Researchers at the University of Virginia School of Medicine have discovered that microglia, specialized immune cells in the brain, play a key role in clearing dead material after brain injury. The study, which will be published June 25 in the Journal of Experimental Medicine, reveals that microglia gobble up the remnants of injured neurons, which could prevent the damage from spreading to neighboring neurons and causing more extensive neurodegeneration.
In every tissue of the body, dead and dying cells must quickly be removed to prevent the development of inflammation, which could trigger the death of neighboring cells. This removal is carried out by specialized cells that engulf and break down cellular debris, otherwise known as phagocytic cells. But scientists have yet to determine which cells are responsible for removing neuronal debris when the brain or spinal cord is damaged.
Jonathan Kipnis, chairman of UVA’s Department of Neuroscience, and his colleagues examined injuries to the optic nerve of mice, which cause retinal ganglion neurons to degenerate and leave debris in a distant region of the brain. The researchers found that this debris is engulfed by microglia.
Microglia, which permanently reside in the central nervous system, are a type of phagocytic cell that can engulf bacteria and other pathogens that have infected the brain. They also play an important role in the developing brain, pruning away neuronal synapses that have failed to become fully active.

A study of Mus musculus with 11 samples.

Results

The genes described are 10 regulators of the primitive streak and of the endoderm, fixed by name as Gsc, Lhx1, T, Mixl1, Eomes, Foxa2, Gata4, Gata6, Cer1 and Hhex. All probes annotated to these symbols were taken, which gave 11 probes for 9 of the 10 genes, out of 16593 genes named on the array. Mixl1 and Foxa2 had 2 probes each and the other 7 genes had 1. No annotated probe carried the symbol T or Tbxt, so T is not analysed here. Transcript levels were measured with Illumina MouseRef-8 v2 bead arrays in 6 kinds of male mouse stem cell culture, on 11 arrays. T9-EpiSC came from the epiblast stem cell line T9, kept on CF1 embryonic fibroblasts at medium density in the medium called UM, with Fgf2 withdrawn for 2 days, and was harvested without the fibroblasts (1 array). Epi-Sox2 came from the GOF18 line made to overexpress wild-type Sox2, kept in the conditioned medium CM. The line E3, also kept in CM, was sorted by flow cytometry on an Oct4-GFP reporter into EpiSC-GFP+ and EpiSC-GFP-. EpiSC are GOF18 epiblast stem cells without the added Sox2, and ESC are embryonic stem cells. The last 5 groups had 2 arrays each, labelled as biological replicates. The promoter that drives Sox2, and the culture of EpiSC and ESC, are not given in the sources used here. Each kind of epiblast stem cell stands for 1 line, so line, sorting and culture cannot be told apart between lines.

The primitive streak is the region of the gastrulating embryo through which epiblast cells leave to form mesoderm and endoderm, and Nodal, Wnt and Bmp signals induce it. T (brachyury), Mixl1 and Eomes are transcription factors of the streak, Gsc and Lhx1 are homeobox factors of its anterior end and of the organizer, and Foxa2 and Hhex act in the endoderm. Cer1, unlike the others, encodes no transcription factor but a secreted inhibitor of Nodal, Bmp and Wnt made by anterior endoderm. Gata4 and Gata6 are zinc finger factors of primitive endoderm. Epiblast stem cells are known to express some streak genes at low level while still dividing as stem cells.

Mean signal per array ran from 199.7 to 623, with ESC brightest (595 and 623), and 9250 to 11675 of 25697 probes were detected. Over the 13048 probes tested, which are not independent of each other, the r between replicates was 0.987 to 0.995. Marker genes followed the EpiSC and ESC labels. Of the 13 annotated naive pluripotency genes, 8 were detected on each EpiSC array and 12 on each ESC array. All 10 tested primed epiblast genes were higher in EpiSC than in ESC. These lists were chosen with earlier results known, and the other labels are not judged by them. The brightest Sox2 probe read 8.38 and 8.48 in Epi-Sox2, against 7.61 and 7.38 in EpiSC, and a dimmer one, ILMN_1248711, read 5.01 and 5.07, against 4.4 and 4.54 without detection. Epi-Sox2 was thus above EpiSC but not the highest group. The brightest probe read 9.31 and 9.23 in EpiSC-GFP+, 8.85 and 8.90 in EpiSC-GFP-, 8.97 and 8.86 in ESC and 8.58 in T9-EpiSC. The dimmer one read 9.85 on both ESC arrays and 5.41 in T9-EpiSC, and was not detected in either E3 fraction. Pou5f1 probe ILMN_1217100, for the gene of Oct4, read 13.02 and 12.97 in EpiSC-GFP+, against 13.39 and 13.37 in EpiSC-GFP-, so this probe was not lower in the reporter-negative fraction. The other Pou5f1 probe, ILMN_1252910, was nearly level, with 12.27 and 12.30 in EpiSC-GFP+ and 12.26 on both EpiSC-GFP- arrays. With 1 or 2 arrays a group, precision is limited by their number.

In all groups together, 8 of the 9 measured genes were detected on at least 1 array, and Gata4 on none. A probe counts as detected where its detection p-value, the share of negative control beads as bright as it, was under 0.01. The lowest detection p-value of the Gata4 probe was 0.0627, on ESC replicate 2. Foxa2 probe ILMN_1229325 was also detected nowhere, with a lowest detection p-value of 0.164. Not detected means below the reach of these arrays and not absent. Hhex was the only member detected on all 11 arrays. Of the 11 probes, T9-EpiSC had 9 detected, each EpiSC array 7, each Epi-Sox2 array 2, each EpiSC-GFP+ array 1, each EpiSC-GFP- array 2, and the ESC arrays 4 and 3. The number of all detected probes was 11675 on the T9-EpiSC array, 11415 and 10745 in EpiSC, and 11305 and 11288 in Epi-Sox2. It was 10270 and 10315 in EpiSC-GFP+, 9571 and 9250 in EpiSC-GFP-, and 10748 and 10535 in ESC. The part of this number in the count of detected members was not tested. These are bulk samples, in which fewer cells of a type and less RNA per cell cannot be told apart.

In adult brains, microglia appear to recognize degenerating neurons using some of the same molecules they use to recognize inactive synapses or invading pathogens. Kipnis and colleagues found that, after optic nerve injury, microglia produce “complement” proteins that help the phagocytic cells identify their targets.
The researchers studied what happened after optic nerve injury in mice when microglia did not produce “complement” proteins and found that the microglia did not clear the debris.
“In the future, we hope to further identify how microglia are activated in response to neurodegeneration and how they then remove neuronal debris,” says Kipnis, director of UVA’s Center for Brain Immunology and Glia (BIG). “Knowing these mechanisms might allow us to boost the clearance of potentially toxic debris by microglia and limit the spread of neurodegeneration following brain or spinal cord injury.”